Friends don’t let friends spend money unwisely.
When it comes to finding the perfect Black Friday deal, there's two things you ought to do this year: Know what you're looking for, and be quick about it.
That's the sage advice of Jacqui Cheng and J.D. Levite, editor-in-chief and deals editor, respectively, of The Wirecutter, who took time earlier this week to explain Black Friday and all of its mysteries and temptations to Motherboard.
If anyone would know the ins and outs of Black Friday it's these guys: Levite's job is to sift through deal after deal, online and offline, to find the best of what the likes of Amazon, Best Buy, Newegg, and Walmart have to offer, while Cheng oversees all editorial operations at The Wirecutter, whose entire purpose is to help consumers find the single best product for their money.
"Black Friday is a really dangerous day if you don't have a specific item in mind, said Levite, "because you're going to end up spending money you don't want to spend on things you don't really want."
By going into Black Friday looking for deals on a specific item, you'll avoid "wasting your time and your money" on frivolous items, according to Levite. How many USB thumb drives do you really need?
"It's about knowing what you want to get versus taking the bait on all this crazy Black Friday stuff," added Wirecutter Editor-in-Chief Jacqui Cheng. "Because a lot of that stuff can be not awesome."
The general shift toward online shopping over the past few years means that deals you may find online aren't likely to last as long as they once did, Cheng explained. "Even just a couple of years ago, I felt like I could see a deal for a week, but nowadays a lot of these deals come and go in a day, or a matter of hours," she said. "They don't last very long, which pushes everyone to look for deals all the time."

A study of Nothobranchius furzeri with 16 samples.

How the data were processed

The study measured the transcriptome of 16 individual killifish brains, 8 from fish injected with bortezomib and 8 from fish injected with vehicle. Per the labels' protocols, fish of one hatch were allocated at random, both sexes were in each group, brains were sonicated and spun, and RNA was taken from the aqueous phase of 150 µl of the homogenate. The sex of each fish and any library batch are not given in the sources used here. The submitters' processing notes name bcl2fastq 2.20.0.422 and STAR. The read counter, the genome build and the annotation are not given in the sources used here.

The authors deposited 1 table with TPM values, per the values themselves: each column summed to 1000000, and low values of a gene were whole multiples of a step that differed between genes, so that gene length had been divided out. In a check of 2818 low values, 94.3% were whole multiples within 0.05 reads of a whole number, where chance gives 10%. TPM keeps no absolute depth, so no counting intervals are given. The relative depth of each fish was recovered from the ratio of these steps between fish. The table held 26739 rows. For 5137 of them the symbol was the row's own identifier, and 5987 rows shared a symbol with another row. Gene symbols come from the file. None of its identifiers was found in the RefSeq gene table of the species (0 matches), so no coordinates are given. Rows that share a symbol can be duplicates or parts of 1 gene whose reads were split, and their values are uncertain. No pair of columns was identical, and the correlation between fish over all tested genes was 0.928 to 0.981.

In other words, if you see a killer Flash Deal on Amazon for an item you've been eyeing, your best best it to buy it right then and there rather than gamble on the off chance you'll find it elsewhere for slightly less.
"The internet is trying to break you," said Levite. "You need to be smart about the deal that you're looking at."
It's also important to understand that not all items are discounted equally, with Levite telling Motherboard that, in his experience, cameras, headphones, and speakers are typically the most frequently discounted items in November. Shoppers looking for these items shouldn't have too hard of a time finding a deal, in other words.
Conversely, items released within the past month or two, or items that fly off the shelves at full price, are unlikely to be discounted significantly. So if you were hoping for a killer deal ona shiny new Apple TV orMicrosoft Surface Book, you may need a plan B.
"Good items don't go on sale because they're good items," said Levite. "They don't need to go on sale because people will buy them even when they're not on sale."
Another tip from Levite: be cautious when it comes refurbished items. The Wirecutter advises shoppers to double-check who, exactly, refurbished the item, whether it's the manufacturer, the retailer, or a third-party, and to understand the warranty policy that accompanies the item. "Be careful about what you're buying," he said. "You don't want to get stuck with a bad product."
One thing you don't have to worry about is making a trip to the local mall, fistfights and all, to make the most of Black Friday. "The truth is I've never seen anything that was available in the store that you couldn't have just gotten online," said Levite. "And usually the better deals are online because [online retailers] don't have to go through the process of setting up displays and things like that; they can just ship it to you when your order it."
"Going to a store on Black Friday is just a social event," Levite added. "It's a way to have some fun, but it's not going to get you better deals."